A second chance for DACA

Chase Isbell

On Jan. 22, Congress passed a bill ending the government shutdown for the next three weeks. In exchange for the votes needed to temporarily end the shutdown, Senate Majority Leader Mitch McConnell promised a week of open debate concerning American immigration law, including the potential renewal of DACA, or Deferred Action for Childhood Arrivals.

In the meantime, DACA has expired, leaving hundreds of thousands of undocumented American children (often referred to as “dreamers”) unprotected from potential deportation. These dreamers, or undocumented persons who entered the U.S. before the age of 16, feel threatened by this clear lack of concern for their safety.

The Trump administration and other conservative organizations have depicted dreamers as violent and threatening foreigners, when, in actuality, many of them have lived in the U.S. for the majority of their lives.

“I am an American,” proudly proclaimed one Washington and Lee University first-year student when asked about her status as a dreamer. “My entire life is here in America. . . I don’t know any country other than this one,” she said.

Within her statement lies the problems of deportation, and the notion that one’s home is not defined by country of origin. This is especially true when the individuals in question have never lived permanently in that country.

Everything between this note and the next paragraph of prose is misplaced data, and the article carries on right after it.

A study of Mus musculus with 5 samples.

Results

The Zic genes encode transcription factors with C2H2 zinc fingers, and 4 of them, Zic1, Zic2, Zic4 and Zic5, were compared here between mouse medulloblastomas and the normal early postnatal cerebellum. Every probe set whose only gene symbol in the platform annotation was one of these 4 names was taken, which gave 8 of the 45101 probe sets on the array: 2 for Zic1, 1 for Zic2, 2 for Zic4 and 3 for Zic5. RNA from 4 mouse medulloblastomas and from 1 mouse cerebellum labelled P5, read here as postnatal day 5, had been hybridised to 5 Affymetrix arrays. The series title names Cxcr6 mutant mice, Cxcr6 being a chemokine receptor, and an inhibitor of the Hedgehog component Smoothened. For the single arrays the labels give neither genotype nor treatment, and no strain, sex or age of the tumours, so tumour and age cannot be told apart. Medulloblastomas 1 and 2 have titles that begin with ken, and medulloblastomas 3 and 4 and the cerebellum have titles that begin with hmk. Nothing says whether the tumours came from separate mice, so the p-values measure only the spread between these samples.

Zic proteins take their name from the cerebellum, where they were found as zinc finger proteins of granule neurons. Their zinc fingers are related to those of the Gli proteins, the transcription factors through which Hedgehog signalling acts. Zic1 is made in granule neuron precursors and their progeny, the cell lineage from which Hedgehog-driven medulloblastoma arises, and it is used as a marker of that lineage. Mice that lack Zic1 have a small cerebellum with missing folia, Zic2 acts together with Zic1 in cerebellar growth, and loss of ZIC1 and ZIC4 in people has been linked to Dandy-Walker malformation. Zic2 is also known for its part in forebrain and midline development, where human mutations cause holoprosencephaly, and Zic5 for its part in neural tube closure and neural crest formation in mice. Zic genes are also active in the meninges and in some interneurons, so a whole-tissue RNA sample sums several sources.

“My first memory is my cousin giving me a piggyback ride in California,” said the same student who has wished to remain anonymous and whom I shall refer to as “Jane” from here on out.

What makes Jane any less American than anyone else? Surely, we do not define true American patriotism simply by pieces of paper. After all, where were the documents of the colonizers of this land? Did George Washington ever have to prove he was an American citizen through mere paperwork?

On top of our already ridiculous and archaically colonial views on citizenship, the ending of DACA hurts those who had/have no control over their legal status. DACA only protects undocumented persons who entered the country when they were 16 or younger, meaning they had no say in their parents’ choice to enter the U.S. At this point, we are essentially punishing children for the choices of their guardians.

Many of the concerns surrounding dreamers have also proven to be false. Trump and his supporters fear these children may be dangerous criminals.

“I literally can’t get DACA without having an entirely clean criminal record,” stated Jane in response to allegation of dreamers’ criminality.

Additionally, DACA allows dreamers to participate and contribute to American society (the very thing we ask immigrants to do upon entering this country). Work visas allow these and other immigrants to work and pay taxes and thereby contribute to the economy, even though they are ineligible for the governmental benefits of those taxes.

To put it plainly, there is no reason to allow DACA to end outside of racist and xenophobic hatred towards immigrants. After all, dreamers are young people who came to this country without their consent as children and have no criminal record. As Jane said, “Trump shouldn’t be holding my life and the lives of other dreamers hostage for his racist monument that he calls a wall.” And hopefully when Congress takes up the issue of immigration in the next few weeks, they may realize this too.